Located where the River Ness meets the Moray Firth, Inverness is the small cultural capital of the Scottish Highlands. Home to some of the most outstanding landscapes between the mountains and the sea, the city has some great museums and galleries to discover as well as a tumultuous history of the Jacobite Risings. Then of course there is Loch Ness where you can go hunting for Nessie and see the remains of Urquhart Castle.
The region has a great array of locally grown ingredients to tempt you at any number of highland restaurants. A famous tipple or two is more than likely on the cards as you will find some of the world’s most famous whiskies but also some great Scottish gins and organically brewed ciders and beers. There are so many distilleries to visit in the area but Glenmorangie is an excellent choice and visits can be combined with day tours of the neighbouring seacoast villages.
The imposing 19th Century Inverness Castle sits on a cliff overlooking the River Ness and the best way to see this red sandstone castle is by walking along the river itself. The Ness Islands are situated in the middle of the River Ness and can be reached by crossing the Victorian suspension bridges. The islands make for a relaxing destination and there are also several trails through the unspoilt nature.
Some of the sites to be seen in Inverness include the 19th Century Inverness Cathedral, which stands as a monument to the religious beliefs of the region. The Inverness Museum and Art Gallery houses artefacts and heritage of the area and has exhibits from local artists. To enjoy a subtropical utopia in the city, a visit to the Inverness Botanic Gardens that has a surprising collection of plants, fishponds and a waterfall. The Leakey’s Bookshop is one of the largest bookshops in the whole of Scotland. The bookshop houses a vast collection of second hand books, rare prints and classic editions and is situated over two floors.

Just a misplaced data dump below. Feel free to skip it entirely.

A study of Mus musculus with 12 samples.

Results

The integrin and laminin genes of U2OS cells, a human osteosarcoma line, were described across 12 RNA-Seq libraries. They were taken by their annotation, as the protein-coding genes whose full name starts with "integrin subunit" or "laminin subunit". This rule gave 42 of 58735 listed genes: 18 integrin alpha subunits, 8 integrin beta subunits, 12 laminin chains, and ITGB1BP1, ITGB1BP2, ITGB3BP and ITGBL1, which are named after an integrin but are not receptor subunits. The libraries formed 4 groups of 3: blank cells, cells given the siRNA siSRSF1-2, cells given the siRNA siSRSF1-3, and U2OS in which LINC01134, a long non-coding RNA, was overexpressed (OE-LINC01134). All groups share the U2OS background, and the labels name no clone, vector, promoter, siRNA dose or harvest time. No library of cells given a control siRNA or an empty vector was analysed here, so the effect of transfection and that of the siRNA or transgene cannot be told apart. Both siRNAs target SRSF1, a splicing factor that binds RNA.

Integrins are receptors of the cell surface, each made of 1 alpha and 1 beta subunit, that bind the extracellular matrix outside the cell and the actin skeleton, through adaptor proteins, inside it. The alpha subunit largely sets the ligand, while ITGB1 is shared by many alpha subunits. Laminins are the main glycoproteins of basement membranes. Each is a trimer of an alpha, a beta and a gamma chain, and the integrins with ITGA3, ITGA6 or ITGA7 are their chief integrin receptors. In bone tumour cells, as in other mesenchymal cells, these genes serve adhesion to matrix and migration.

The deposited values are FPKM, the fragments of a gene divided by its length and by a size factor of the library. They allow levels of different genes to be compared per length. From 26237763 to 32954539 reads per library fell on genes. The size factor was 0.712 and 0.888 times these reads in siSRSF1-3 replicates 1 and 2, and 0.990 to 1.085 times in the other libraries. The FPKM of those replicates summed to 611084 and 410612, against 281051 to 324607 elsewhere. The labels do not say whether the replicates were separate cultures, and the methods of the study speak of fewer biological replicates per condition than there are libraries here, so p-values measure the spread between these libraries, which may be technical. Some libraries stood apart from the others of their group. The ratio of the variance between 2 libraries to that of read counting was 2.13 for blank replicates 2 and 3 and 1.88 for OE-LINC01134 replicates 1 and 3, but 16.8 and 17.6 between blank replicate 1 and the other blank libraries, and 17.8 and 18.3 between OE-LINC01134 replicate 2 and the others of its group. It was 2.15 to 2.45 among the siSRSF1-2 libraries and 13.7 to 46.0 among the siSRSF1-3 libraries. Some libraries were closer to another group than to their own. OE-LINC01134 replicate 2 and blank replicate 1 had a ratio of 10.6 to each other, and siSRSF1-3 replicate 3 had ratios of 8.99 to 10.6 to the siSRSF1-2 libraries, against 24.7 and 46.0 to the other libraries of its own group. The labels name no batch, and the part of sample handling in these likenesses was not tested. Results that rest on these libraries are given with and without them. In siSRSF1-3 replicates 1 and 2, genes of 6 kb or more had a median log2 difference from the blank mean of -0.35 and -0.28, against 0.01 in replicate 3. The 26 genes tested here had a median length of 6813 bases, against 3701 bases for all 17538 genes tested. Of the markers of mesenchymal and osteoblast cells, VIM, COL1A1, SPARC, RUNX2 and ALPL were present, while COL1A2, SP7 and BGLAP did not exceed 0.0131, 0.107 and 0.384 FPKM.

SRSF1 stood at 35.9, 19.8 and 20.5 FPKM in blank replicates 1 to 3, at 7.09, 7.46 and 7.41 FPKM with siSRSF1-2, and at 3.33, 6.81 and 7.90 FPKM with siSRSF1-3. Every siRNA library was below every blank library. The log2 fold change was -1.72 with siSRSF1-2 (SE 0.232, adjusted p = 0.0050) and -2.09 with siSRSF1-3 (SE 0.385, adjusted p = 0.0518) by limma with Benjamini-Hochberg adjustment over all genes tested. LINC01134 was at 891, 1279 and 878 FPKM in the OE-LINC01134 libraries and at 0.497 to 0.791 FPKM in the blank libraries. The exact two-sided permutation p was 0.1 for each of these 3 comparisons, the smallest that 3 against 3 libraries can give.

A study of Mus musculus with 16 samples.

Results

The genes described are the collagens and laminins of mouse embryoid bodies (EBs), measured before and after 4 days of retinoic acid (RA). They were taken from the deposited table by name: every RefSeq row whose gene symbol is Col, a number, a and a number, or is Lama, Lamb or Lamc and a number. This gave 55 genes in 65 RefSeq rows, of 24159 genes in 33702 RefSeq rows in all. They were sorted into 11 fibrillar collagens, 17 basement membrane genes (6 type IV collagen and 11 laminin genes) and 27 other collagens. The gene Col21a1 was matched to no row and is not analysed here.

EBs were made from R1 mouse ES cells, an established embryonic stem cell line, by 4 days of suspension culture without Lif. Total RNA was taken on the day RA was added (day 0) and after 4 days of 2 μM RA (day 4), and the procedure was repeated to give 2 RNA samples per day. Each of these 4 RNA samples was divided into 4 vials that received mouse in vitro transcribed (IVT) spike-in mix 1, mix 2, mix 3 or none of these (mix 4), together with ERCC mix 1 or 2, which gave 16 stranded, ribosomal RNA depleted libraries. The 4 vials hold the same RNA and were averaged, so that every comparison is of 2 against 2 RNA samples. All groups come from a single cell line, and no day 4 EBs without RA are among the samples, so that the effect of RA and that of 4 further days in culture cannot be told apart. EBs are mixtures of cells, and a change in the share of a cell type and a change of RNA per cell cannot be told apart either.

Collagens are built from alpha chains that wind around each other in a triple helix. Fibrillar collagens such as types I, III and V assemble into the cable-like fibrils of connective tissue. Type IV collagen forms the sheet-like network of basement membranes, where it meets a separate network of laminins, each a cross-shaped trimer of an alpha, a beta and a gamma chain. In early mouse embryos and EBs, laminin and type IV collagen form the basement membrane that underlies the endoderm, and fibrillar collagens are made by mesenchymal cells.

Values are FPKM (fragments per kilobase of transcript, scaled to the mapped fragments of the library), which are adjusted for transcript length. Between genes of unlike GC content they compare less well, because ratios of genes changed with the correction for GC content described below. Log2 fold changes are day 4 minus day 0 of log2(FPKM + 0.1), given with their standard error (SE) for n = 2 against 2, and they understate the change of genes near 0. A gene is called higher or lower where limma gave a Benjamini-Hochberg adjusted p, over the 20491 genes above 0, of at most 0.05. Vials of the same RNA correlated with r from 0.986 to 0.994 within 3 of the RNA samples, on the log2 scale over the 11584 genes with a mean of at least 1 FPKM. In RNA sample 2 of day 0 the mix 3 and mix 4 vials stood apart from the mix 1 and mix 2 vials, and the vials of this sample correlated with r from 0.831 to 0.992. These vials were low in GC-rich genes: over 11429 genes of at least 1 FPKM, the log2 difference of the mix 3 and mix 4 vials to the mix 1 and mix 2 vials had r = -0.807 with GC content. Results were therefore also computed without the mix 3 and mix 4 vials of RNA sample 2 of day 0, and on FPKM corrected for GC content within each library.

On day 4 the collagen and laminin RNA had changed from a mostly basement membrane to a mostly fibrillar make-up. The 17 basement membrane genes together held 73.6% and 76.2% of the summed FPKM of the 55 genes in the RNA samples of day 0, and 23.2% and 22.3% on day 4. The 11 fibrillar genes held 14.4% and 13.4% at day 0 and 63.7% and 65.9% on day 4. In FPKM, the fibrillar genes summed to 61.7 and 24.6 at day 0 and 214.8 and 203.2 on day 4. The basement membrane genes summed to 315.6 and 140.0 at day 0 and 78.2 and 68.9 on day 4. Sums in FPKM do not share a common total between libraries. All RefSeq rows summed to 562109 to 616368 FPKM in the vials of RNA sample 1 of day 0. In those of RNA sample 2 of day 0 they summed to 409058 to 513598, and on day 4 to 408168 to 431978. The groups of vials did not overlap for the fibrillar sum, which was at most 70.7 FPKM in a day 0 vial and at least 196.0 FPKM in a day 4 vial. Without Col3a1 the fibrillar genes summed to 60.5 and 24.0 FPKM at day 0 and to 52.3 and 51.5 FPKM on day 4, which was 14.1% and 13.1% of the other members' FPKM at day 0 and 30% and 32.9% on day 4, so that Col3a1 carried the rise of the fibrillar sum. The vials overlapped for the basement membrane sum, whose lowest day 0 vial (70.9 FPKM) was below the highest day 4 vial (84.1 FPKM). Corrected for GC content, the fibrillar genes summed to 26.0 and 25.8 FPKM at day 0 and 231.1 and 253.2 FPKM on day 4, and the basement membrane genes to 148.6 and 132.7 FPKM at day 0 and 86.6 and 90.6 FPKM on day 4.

For anyone wanting to see the military history of Scotland then a visit to the Highlanders’ Museum is a must as here you will find the chronicled details of the nearby Battle of Culloden. Not too far away from Inverness is the Culloden Battlefield, a windswept moorland where the Jacobite cause altered the course of world history.
The 19th Century Victorian Market is a quaint picturesque market and is home to trendy craft shops and boutiques. There is also a great selection of cafés and restaurants where you can relax, people watch and enjoy.
Loch Ness would have to be one of the most visited and famous places when up in the Scottish Highlands and is home to Nessie the Loch Ness Monster. Only a short distance from Inverness, Loch Ness is a great day out where you can cycle or walk along the river front. The impressive fortress of Urquhart Castle sits on the banks of Loch Ness near to the village of Drumnadrochit. The fortress is mainly in ruins but is supposed to be one of the best places to spot the illusive Nessie. Remember to take your camera as the views are outstanding.
While in the Scottish Highlands a must visit is to the 15th Century Cawdor Castle and Gardens, which was made famous by William Shakespeare’s cursed play Macbeth. The castle is full of history and stunning gardens including a walled, wild and flower garden. For the most beautiful Highland scenery, Glen Affric west of Loch Ness has incredible natural beauty with also an abundance of wildlife. Fairy Glen is another great spot, with woodlands and picturesque waterfalls. There is no shortage of stunning scenery to relish in the Highlands of Scotland.
For any Harry Potter fans who fancy a last minute delight, why not take a trip on the famous Jacobite Steam Train the real life Hogwarts Express. The journey takes in some of the most stunning scenery throughout the Scottish Highlands and over the magnificent Glenfinnan Viaduct.